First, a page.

By: Gordon Miller
Posted: July 31, 2013, from the August 2013 issue of Skin Inc. magazine.
Bad habits

Many work behaviors—from coming in late to being disorganized—can be identified as bad habits. The bad habits of individual team members can hold your entire skin care team back—remember, you really are only as strong as your weakest link. Unfortunately, too many professionals are unaware of the risks of bad behavior, and too many managers and business owners are not taking the steps necessary to identify and address these habits in a way that maximizes performance and growth, as well as encourages others to excel.

More often than not, the reason for continued bad habits is due to a lack of communication from managers to team members. It is vital that members of your team are aware of performance issues. They deserve clarity about what behavior is and is not acceptable in the workplace, and should be encouraged to develop habits that will be of value to the skin care facility, their clients and, ultimately, to their own careers.

An ounce of prevention

Providing structure, written job descriptions, rules and guidelines explaining how you want your business to be conducted is a critical step in correcting bad habits. Equally important is reinforcing both the value of good behavior and the consequences of bad behavior through communication via team meetings, one-on-one sessions and memos. Most importantly, display to your team the ways in which positive work habits lead to success and negative ones ultimately lead to failure.

The foundation of any team’s success is rooted in the manager’s day-to-day relationship with team members—consistent feedback and mentoring help create a road map for success and can begin to eliminate bad habits, as well as prevent your team members from starting new ones. Key elements include:

  • Setting individual and team goals for success;
  • Defining consequences for those who break the rules;
  • Modeling the behavior, performance and appearance you want your team to attain; and
  • Holding regular meetings to praise and critique team behavior.

It is necessary to implement a system to rid the skin care facility of team members who refuse to exhibit respect for the set guidelines. To encourage change, you must first be able to define the negative behavior in a way that allows team members to recognize the consequences of doing nothing to alter their behavior. Following are critical points to keep in mind when giving corrective feedback.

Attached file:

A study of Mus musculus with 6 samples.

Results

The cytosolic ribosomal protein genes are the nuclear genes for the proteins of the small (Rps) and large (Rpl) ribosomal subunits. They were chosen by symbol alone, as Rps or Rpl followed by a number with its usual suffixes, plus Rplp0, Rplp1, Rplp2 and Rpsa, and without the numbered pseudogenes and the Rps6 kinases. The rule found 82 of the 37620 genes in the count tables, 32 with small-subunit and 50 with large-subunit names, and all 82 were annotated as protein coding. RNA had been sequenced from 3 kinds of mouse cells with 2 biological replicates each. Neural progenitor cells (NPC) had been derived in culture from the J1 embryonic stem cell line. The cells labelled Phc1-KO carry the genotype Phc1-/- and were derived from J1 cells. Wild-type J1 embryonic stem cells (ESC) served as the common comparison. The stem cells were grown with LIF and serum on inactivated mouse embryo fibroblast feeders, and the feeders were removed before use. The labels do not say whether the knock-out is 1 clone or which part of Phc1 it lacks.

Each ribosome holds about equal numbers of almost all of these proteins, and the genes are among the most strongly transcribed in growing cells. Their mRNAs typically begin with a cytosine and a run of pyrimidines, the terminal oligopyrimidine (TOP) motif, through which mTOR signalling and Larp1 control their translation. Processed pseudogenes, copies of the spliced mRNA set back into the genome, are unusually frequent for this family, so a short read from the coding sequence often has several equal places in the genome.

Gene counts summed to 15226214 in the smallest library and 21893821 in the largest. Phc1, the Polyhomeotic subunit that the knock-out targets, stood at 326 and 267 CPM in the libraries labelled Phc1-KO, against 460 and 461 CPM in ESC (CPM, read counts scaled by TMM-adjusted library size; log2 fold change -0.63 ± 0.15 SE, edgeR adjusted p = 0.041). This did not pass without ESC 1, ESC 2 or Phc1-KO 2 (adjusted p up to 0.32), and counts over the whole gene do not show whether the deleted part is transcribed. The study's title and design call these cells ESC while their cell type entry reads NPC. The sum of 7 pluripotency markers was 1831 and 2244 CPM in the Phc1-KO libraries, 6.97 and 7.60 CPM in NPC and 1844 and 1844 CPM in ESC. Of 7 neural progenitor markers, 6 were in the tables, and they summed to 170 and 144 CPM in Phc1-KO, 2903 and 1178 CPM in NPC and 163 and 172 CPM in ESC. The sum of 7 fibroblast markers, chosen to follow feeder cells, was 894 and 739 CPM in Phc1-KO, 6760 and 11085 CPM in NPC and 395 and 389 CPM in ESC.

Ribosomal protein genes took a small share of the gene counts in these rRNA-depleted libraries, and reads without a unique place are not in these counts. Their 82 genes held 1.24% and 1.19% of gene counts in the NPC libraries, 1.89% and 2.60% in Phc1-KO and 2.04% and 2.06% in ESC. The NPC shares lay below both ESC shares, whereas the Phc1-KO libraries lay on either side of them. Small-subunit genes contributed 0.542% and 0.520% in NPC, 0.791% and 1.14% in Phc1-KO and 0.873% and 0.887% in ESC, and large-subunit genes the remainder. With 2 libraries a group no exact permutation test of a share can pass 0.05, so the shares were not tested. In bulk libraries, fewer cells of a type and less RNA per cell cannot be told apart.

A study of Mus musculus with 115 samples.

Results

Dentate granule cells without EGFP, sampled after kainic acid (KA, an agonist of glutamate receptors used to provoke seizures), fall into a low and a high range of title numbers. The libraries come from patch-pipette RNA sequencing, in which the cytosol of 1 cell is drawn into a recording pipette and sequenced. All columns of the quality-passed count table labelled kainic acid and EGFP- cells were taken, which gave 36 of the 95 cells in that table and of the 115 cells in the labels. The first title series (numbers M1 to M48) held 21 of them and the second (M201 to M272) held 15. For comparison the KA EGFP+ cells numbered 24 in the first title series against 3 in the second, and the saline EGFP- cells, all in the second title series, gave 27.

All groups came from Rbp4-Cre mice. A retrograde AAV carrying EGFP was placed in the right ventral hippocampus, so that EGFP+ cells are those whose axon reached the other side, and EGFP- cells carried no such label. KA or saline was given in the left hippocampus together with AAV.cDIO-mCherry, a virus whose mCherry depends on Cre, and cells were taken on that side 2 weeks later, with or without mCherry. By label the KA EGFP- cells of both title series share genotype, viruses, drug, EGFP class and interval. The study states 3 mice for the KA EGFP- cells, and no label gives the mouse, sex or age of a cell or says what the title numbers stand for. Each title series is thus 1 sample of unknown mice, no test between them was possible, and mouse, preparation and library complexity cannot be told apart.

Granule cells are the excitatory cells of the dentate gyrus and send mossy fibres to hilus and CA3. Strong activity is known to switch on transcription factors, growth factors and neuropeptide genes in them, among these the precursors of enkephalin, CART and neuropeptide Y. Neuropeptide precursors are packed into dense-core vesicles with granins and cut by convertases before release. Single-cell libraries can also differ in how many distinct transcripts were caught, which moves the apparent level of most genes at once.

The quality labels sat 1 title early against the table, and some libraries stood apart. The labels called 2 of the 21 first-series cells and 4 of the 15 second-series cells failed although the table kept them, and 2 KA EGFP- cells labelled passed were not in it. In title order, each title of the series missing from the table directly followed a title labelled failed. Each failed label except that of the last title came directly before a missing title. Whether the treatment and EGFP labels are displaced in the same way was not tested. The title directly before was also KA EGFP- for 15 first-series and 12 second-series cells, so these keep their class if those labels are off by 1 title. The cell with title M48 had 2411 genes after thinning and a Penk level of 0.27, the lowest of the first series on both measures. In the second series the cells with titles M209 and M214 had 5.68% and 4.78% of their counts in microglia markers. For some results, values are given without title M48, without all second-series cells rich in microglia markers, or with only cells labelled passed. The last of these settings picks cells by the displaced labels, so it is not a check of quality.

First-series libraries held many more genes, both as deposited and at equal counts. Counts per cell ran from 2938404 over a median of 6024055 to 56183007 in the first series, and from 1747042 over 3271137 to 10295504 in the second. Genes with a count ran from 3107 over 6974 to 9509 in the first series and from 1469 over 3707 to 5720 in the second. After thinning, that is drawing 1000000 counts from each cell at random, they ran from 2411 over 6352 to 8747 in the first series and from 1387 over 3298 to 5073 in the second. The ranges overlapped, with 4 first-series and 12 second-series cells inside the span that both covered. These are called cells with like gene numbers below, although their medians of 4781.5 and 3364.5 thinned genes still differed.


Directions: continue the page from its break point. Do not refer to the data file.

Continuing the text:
• Be timely. Communication should occur as soon as possible after observing an issue that needs attention.
  • Be specific. Provide deeper insight into the behavior that needs to be altered.
  • Focus on the behavior—not the person. Describe what you witnessed, and how those behaviors impact the team, as well as the individual team member’s ability to achieve her own goals.
  • Consider your body language and tone of voice in delivering the message. Avoid exhibiting frustration or anger.
  • Clarify your expectations for the future.
  • Ask for the team member’s statement of comprehension about why the behavior will not be tolerated, and what the consequences are of failing to meet your expectations.
  • Set a deadline for when the behavior needs to be eliminated or altered—this may be immediately in some cases.
  • Follow up to review the status of the team member’s behavior, whether it be her improvement or failure to change. Declare the case closed, or carry out necessary disciplinary actions you have set in place.

Be clear with team members about how changing their behavior will have a positive affect on performance—and be sure to reinforce that choosing to ignore the situation will affect their career—and possibly their future with your company.

Gordon MillerCommitted to helping professionals grow, Gordon Miller is a business educator, consultant and social media evangelist for the professional beauty industry. He can be reached at gordnm@yahoo.com.